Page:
MEXICO CITY — China holds 70 healthy Mexicans in forced isolation. Paris airport baggage handlers refuse to touch suitcases from Mexican planes. Mexican soccer star Carlos Vela scores a goal in the English premiership but teammates shy away from hugging him.
As swine flu has swept the world, buoyed by a fever pitch media frenzy, Mexicans are complaining they are being unfairly discriminated against as a nation of contagious plague bearers.
The actions of prejudice, they allege, are adding to their woes in confronting the H1N1 virus, worsening the economic impact and making them increasingly isolated.
“In the name of our country, we raise a vigorous rejection to the prejudiced and discriminatory measures taken against Mexico,” President Felipe Calderon said in a televised address on Monday. “I ask all the nations that they stop taking actions that only hurt Mexico and don’t contribute to stopping the spread of the disease.”
The measures confronting Mexicans raise pertinent questions for the international community about what is acceptable and effective in face of a global pandemic threat.
Some responses — such as the refusal to embrace an athlete — smack of simple panic-ridden prejudice.
But some others being challenged by Calderon can arguably be justified as hard-line measures to save lives.
At the top of the list is the decision by several countries — including Cuba, Colombia and Argentina — to suspend all commercial flights to and from Mexico.
Calderon has urged these nations to rethink the tactic, which will inevitably hurt Mexico’s trade and tourism. The economic impact on Mexico has already been calculated as costing $2.3 billion, the finance department said Tuesday.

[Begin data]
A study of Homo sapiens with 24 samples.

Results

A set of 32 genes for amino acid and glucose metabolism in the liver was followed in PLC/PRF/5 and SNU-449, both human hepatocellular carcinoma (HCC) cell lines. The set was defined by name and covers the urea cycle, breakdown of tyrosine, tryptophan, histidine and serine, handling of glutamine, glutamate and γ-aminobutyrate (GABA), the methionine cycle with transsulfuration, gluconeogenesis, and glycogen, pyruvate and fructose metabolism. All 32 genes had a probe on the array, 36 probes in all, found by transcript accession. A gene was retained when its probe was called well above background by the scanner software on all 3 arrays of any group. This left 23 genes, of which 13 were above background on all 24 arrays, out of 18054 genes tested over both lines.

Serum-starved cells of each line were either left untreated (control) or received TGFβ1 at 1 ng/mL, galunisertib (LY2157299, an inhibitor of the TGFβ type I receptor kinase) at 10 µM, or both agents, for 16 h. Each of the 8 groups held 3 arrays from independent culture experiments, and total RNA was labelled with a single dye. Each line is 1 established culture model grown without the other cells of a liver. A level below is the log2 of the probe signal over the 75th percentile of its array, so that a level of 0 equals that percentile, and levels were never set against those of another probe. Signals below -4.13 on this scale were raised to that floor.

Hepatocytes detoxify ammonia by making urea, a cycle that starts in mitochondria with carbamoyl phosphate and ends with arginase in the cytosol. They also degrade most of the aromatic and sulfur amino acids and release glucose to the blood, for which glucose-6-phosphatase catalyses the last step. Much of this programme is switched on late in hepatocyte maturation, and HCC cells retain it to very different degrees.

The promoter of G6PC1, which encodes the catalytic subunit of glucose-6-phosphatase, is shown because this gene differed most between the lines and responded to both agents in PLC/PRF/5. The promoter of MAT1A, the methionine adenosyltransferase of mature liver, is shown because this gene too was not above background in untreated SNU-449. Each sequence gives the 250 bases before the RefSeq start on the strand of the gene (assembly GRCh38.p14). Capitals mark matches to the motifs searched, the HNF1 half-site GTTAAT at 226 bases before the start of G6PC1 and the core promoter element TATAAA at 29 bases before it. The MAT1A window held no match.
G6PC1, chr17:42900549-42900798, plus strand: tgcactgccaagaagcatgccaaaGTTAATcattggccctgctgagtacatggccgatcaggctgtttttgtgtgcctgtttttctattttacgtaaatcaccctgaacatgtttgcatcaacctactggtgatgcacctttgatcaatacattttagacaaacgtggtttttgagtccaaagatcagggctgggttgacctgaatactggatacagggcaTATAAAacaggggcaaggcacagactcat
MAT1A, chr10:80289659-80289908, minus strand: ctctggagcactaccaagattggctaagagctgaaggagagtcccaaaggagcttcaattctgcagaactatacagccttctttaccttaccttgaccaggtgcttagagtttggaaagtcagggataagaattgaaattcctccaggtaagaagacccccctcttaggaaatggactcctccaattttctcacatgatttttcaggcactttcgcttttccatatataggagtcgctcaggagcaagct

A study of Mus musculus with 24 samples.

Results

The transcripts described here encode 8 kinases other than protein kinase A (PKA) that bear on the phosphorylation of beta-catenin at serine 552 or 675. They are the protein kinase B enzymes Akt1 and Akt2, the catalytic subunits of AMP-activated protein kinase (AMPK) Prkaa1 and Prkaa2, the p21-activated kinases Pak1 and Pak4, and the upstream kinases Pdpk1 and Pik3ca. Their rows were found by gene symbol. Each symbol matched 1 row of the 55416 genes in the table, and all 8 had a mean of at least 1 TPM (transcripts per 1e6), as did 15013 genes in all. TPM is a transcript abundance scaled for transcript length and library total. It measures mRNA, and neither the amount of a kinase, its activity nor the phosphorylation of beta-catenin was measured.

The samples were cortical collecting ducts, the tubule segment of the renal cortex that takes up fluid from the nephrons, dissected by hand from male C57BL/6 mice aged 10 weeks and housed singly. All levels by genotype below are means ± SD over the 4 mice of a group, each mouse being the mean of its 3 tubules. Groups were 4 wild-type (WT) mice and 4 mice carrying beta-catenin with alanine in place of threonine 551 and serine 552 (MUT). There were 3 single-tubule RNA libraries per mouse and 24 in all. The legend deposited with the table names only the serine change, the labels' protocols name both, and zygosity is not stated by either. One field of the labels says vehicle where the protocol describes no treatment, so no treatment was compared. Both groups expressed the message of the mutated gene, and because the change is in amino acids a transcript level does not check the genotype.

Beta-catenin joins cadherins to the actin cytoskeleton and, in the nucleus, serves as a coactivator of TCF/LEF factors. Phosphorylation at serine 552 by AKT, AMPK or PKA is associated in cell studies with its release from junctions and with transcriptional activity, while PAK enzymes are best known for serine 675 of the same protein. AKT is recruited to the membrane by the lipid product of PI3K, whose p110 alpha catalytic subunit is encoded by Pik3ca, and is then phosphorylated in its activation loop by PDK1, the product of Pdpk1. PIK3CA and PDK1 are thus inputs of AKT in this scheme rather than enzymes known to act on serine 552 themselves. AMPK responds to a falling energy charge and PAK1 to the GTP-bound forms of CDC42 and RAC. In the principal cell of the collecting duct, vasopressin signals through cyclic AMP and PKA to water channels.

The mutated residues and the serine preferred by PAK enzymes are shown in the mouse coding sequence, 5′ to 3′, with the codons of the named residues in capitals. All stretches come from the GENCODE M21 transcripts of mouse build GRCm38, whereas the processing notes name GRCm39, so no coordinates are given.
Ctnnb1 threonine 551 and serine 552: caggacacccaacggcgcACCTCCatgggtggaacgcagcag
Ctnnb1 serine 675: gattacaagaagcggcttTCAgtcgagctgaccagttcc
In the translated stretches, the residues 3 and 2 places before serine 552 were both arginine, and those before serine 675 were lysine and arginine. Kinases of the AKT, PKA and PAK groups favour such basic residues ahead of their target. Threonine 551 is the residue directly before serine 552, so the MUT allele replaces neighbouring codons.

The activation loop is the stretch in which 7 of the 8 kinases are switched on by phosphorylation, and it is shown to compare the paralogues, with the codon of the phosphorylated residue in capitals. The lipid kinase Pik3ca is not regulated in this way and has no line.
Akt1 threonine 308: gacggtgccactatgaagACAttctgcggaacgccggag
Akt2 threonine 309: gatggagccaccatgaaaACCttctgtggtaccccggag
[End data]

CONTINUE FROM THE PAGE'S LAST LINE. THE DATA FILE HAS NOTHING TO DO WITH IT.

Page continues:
But the acting governments argue that without the stockpiles of anti-viral drugs held by richer nations, they have to do whatever they can to defend their people. The latest numbers, released on Tuesday, show that Mexico still has the lion's share of swine flu sufferers, with 590 of the world’s 1,124 confirmed cases of H1N1 transmission.
China took an even harder line, rounding up 70 Mexican passport holders who had flown into the country, and keeping them in isolation at government facilities and hotels.
The Mexicans were denied access to their ambassador and several who spoke by telephone to Mexican journalists said they had been poorly treated and were in filthy accommodations.
The Mexican government finally chartered a plane that flew in to pick the residents up on Tuesday, while it complained about the action at the United Nations.
In response, the U.N. has advised against such measures, although it has so far held back from castigating any particular countries.
“Our response (to the epidemic) must reflect enlightened self interest and global solidarity at its best,” U.N. Secretary General Ban Ki Moon said Monday. “This is a test for us all. We need to respond with a vigorous and new multilateralism.”
The United States itself has resisted calls to restrict travel to or from Mexico, with Obama administration officials echoing the U.N. stance that such measures are not proven to be effective in slowing the virus.
In reaction, U.S. anti-immigrant groups have jumped on the issue as a new reason to clamp down on the border, unleashing scathing attacks on Obama and his deputies.
“These charlatans claim that securing the borders would have no impact in slowing the progression of the flu into America or protecting our citizens or hospitals ... ludicrous,” writes William Gheen, president of Americans for Legal Immigration in a news release. “These unscrupulous traitors to our Republic claim 'the horse is already out of the barn' and the burglar is already in the house.”
On the Mexican street, this war of words over Mexicans' right to move around the planet has sparked anger, defensiveness and concern.
Mariana Sanchez, a 29-year-old industrial designer, said the cries from Paris to Arizona to keep Mexicans out showed an unbridled ignorance.
“These are meant to be first world countries. But they are showing themselves as lacking any culture or understanding,” Sanchez said, staring at the headlines on a newspaper stand.
However, Hernan Gutierrez, a 34-year-old engineer, was simply worried about his own travel plans.
“If we try and go anywhere they won’t let us in, or they will hold us in quarantine,” Gutierrez said. “I guess I will just have to stay in Mexico for the next few years.”